Mike Huckabee announced on his Fox News show Saturday night that he won't be seeking the Republican presidential nomination. "All the factors say go, but my heart says no," the former Arkansas governor said. "I can't know or predict the future, but I know for now, my answer is clear and firm—I will not seek the Republican nomination for president this year."
Huckabee made it clear though that even if he won't seek the nomination, he will still be part of the process. And he pointed out that despite reports to the contrary, his family was supportive of another presidential bid. The winner of the 2008 Iowa caucuses is still a highly popular figure, particularly among social conservatives, and would have immediatley been a serious contender had he decided to run. Huckabee was sure to point that out Saturday, noting polls place him "at or near the top" among likely Republican candidates. "For me, the discussion and decision is ultimately not a political one, it's not a financial one, it's not even a practical one—it's a spiritual one," he said.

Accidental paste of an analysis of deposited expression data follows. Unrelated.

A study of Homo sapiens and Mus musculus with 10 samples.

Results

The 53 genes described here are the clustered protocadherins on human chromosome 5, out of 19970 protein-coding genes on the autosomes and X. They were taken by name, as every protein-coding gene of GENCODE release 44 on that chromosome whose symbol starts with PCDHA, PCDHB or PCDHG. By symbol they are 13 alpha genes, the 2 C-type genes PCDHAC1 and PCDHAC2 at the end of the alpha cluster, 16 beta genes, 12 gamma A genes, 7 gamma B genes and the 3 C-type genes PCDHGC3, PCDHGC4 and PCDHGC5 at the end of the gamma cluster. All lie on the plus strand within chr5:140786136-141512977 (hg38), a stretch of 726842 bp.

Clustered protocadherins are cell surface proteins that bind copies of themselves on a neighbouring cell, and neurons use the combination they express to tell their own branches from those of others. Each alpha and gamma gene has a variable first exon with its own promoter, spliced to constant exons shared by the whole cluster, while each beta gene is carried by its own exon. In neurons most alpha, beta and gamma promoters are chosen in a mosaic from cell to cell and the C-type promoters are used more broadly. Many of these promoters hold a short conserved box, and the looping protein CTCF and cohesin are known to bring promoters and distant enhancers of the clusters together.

But his announcement wasn't exactly surprising. Earlier reports noted that he was keeping his senior aides in the dark about the final decision, which would have been an unusual move for someone organizing a run for the White House. Ed Rollins, the man who directed Huckabee’s 2008 campaign and who has been laying the groundwork for a 2012 run, admitted as much Friday, telling the Wall Street Journal, “I’ve heard nothing, which indicated to me he’s not running.”
Huckabee isn’t the only GOP contender blurring the lines between his television career and his political one. Donald Trump is set to use next weekend’s finale of The Apprentice as a platform to make an announcement about his presidential aspirations. Trump’s announcement, however, will be much less definitive. He has said that he will only announce the details of a subsequent press conference where he’ll than announce his decision.
In what seemed to be a cheeky nod to those who were comparing him to Trump, Huckabee had the real estate mogul do a statement at the end of his show.
News of the announcement followed what has become a predictable pattern for 2012 contenders: First there was word of an upcoming “very important announcement” and then, only hours later, came confirmation that it would be a final announcement on a potential White House run.
The difference between Huckabee’s elongated decision and say those of Newt Gingrich and Ron Paul, both of whom announced official presidential campaigns this week, is that the news of Huckabee’s announcement was not accompanied by news of his actual decision.